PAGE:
Dr. Mom & Dad
When the juggling act of a child or two meets the juggling act of a medical practice or two, there can be a lot of balls in the air. Here, several Dartmouth Medical School alumni and faculty reflect on the challenges—and the joys—of balancing patients' needs at work with kids' needs at home.
Popular television shows like Scrubs and Grey's Anatomy portray physicians as leading hectic lives filled with answering pagers and socializing. But balancing work and personal life for real physicians and researchers is far more complicated than the picture painted by sitcoms. A doctor's life is certainly hectic. But for physicians who have children, the problem is not sharing the demands of medicine with a desire to party or play. It's finding a day-care arrangement that suits a resident's around-the-clock schedule. It's finding the emotional energy, after meeting patients' needs all day, to meet your kids' needs in the evening. It's finding the will not to fall asleep when you haven't seen your baby in 24 hours but you just got off call.
Those are concerns for male and female physicians alike. And they're intensified in families where both Mom and Dad are doctors. At the same time, working parents outside of medicine—who know how hard it can be to juggle kids with a 9-to-5 schedule—wonder how physicians do it, particularly in light of changes in medical reimbursements that have made for more paperwork, longer days, and shorter appointments with patients. An article last year in U.S. News & World Report highlighted the challenges. Among trends the article pointed to was the fact that fewer medical students are choosing specialties with the most demanding schedules, as well as the fact that in order to balance home life and work life,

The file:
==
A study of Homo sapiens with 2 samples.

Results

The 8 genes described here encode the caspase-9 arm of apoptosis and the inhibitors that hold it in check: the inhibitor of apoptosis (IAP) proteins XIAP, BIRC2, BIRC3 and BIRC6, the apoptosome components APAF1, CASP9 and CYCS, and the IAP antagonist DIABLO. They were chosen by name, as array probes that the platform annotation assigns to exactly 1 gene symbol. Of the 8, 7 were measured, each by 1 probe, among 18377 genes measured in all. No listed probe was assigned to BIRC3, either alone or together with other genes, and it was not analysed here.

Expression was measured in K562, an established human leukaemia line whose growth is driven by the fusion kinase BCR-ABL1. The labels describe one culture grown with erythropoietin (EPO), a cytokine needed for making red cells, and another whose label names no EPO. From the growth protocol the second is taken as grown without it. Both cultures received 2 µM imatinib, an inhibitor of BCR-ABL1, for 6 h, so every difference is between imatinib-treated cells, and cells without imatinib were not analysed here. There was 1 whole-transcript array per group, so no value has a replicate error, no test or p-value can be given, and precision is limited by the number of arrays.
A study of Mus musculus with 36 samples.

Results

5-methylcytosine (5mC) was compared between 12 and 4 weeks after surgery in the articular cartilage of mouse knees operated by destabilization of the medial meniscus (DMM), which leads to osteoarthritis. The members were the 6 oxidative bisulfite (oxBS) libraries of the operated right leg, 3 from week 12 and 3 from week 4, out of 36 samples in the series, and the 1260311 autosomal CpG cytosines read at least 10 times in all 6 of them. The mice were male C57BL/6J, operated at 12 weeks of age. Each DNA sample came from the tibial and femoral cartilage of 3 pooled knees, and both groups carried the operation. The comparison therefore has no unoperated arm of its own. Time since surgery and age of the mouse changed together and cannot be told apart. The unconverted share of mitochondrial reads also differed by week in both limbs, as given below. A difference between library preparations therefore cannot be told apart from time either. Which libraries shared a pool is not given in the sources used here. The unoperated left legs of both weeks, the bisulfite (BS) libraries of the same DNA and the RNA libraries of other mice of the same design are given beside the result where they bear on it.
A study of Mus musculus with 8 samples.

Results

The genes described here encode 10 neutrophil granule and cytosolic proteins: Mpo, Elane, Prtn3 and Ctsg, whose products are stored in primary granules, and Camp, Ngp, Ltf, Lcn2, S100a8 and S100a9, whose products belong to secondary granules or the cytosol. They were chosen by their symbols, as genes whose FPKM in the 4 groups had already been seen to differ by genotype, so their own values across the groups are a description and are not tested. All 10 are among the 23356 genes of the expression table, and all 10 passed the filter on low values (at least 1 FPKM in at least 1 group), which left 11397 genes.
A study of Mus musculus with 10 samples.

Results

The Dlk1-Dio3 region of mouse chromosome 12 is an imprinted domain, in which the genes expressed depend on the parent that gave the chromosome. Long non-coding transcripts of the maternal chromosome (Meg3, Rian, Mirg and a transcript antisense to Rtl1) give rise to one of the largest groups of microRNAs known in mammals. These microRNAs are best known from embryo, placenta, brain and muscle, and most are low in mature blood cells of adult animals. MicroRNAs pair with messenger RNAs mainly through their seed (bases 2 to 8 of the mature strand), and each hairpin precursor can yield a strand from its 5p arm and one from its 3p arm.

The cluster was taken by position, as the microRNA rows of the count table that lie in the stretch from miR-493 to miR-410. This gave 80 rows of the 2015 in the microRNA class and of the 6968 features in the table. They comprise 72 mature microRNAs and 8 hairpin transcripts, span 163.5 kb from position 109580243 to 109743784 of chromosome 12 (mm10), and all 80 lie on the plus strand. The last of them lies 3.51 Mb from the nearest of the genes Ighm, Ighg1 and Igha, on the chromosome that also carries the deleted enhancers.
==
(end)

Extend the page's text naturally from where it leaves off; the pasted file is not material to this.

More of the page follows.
young physicians generally tend to work fewer hours than was the norm several decades ago. The article also acknowledged that parents in medicine need good organizational skills and a good sense of humor in order to uphold both their professional and their parental obligations.
To illuminate the highs (and lows) of being a parent and having a career in medicine, an assortment of clinicians and
researchers with Dartmouth ties offered insight into balancing those dual roles. They included recent and not-so-recent DMS alumni, faculty, and retired faculty. Their children range in age from barely 43 days to nearly 43 years. They had their children before, during, and after medical school. Some of the grown children have gone into medicine, and some have not. Their memories of parenting are humorous, poignant, and matter-of-fact. This is what they had to say . . .
Mitchell, a 2006 graduate of DMS and a former member of the Dartmouth Medicine Editorial Board, has written many articles for the magazine—including features on the Patient Partnership elective and on health-policy talks at DHMC by the 2004 presidential candidates. She is now a resident in surgery at Cornell's New York Presbyterian Hospital in New York City. She conducted the interviews from which the Q&As on the following pages were adapted this past spring, just before her graduation.